Replace the current system of electing judges with merit selection. Stop venue shopping in personal injury suits. Enact a statute of repose in product liability cases. Shield innocent sellers from product liability suits.
Pennsylvania’s billboard lawyers are drooling over the potential end to a rule that requires medical malpractice lawsuits to be tried in the county where the harm is alleged to have occurred. The reform was enacted in 2003 to help stop a medical malpractice insurance crisis that was closing hospitals and sending doctors out of state. The crisis was driven by the litigation industry filing lawsuits in the most permissive jurisdictions (usually Philadelphia) rather than the local courthouse.
Pennsylvania health care providers and the public -- as patients and future patients – received a reprieve when the Supreme Court agreed to delay reverting to a pre-2003 administrative rule allowing venue-shopping. Under current law, a medical malpractice lawsuit must be filed in the county where the harm is alleged to have occurred. If this commonsense reform is eliminated, it may trigger skyrocketing health care costs and an exodus of doctors fleeing crushing liability insurance costs, restarting the crisis Pennsylvania was in at the turn of the century.
Last week Governor Tom Wolf vetoed SB 1172, saying that the proposed changes to Pennsylvania’s Price Gouging Act would undermine consumer protections during a declared emergency, when the law kicks in automatically. Taking the governor’s veto message in its literal sense would mean that 235 of 253 lawmakers who voted for the bill (including nearly all of his Democratic colleagues) were guilty of one of two egregious governance sins when they sent the bill to his desk: they either didn’t know what was in the bill or didn’t care whether it would unfairly burden consumers.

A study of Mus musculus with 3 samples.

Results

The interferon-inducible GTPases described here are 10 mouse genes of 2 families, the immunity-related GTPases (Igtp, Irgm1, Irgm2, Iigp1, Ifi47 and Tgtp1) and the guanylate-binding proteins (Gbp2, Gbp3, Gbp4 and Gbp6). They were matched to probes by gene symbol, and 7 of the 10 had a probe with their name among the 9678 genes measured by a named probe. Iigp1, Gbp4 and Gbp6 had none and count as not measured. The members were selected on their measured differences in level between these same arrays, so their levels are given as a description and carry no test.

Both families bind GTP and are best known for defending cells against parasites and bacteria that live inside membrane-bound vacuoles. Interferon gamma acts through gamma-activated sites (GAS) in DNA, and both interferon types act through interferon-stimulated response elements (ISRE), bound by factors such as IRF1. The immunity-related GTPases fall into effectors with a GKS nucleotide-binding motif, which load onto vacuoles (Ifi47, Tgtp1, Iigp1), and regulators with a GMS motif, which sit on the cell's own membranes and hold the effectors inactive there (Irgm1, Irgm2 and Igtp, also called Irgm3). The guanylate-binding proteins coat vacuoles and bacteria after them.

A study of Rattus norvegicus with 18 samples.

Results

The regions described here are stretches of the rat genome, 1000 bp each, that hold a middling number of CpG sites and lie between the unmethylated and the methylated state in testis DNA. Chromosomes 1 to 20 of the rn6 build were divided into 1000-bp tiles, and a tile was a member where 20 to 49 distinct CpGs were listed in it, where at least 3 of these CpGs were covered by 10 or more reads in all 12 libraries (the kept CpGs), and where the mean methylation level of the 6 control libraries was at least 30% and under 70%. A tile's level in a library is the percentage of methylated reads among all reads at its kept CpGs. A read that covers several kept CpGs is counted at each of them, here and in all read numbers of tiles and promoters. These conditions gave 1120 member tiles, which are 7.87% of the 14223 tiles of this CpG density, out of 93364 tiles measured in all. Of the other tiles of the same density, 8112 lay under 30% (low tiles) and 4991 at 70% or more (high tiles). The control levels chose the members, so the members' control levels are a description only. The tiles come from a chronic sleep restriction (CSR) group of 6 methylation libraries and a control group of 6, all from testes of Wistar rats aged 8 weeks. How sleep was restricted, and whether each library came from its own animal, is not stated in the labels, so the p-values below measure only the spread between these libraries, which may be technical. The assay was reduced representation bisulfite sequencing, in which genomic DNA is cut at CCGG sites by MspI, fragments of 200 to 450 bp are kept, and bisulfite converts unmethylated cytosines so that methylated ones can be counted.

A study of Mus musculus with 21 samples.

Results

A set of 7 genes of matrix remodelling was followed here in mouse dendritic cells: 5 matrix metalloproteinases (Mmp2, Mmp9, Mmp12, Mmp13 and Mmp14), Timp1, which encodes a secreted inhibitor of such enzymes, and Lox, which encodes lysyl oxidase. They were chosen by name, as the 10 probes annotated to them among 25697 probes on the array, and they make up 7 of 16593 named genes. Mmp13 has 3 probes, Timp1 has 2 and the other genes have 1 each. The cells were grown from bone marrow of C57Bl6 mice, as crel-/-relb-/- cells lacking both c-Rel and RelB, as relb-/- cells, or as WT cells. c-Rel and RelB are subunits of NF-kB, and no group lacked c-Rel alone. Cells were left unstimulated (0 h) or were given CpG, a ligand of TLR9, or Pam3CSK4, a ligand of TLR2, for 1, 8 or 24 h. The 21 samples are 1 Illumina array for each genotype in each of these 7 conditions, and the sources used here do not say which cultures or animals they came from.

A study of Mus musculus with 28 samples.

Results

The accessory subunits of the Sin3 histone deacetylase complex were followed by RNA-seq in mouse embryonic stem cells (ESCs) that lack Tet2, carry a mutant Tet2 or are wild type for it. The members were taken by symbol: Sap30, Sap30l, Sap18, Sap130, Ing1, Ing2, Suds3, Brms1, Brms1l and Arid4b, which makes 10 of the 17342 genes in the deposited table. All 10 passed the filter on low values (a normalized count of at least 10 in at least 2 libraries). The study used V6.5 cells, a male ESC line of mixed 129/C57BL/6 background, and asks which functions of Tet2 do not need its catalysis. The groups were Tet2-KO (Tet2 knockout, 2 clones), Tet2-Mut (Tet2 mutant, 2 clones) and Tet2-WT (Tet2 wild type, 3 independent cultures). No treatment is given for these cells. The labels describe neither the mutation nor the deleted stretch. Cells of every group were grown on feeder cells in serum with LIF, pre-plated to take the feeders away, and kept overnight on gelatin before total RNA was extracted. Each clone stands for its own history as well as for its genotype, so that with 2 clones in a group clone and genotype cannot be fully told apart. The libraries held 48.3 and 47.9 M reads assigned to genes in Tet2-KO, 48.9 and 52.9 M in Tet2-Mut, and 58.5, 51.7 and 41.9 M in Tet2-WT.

The outing club can no longer go outside. It seems like a punchline to a bad joke, but in this case it’s the sad reality of the world we live in, and of the environment the productive sector faces every day.
After a risk assessment, Penn State University (PSU) last week severed itself from a student club, the Outing Club, which had organized hiking, canoeing and other outdoor activities at the university for 100 years.
In another year of flipping the couch cushions for spare change to balance a state budget, efforts to reduce lawsuit abuse are more important than ever. These needed reforms can greatly enhance Pennsylvania’s business competitiveness without costing the commonwealth a single dime.
The self-created image of public sector unions as the protector-of-the-little guy is being expertly debunked by a new reform group. A series of legal actions brought by the Harrisburg-based public interest law center, The Fairness Center, reveal an ugly pattern of union bullying and trampling over laws and individual rights. The cases show that unions are really about squashing potential competitive challenges (like charter schools) and forcing workers, who oppose joining a union, to pay dues to support political candidates and activities - a direct violation of state law.
The story behind the only override of a Bill Clinton veto is a cautionary one if another Clinton occupies the White House.
The corruption trial of former Speaker of the New York State Assembly, Sheldon Silver, is pulling back the curtain on some of the cozy relationships and lucrative transactions involving lawyers representing victims of asbestos exposure.
An ordinary air permit process for a pump station to an underground natural gas line in Lebanon County is getting extraordinary attention. Nearly 500 people asked the Department of Environmental Protection (DEP) to hold a public airing on the impact of the project; only 40 of those requests came from local residents.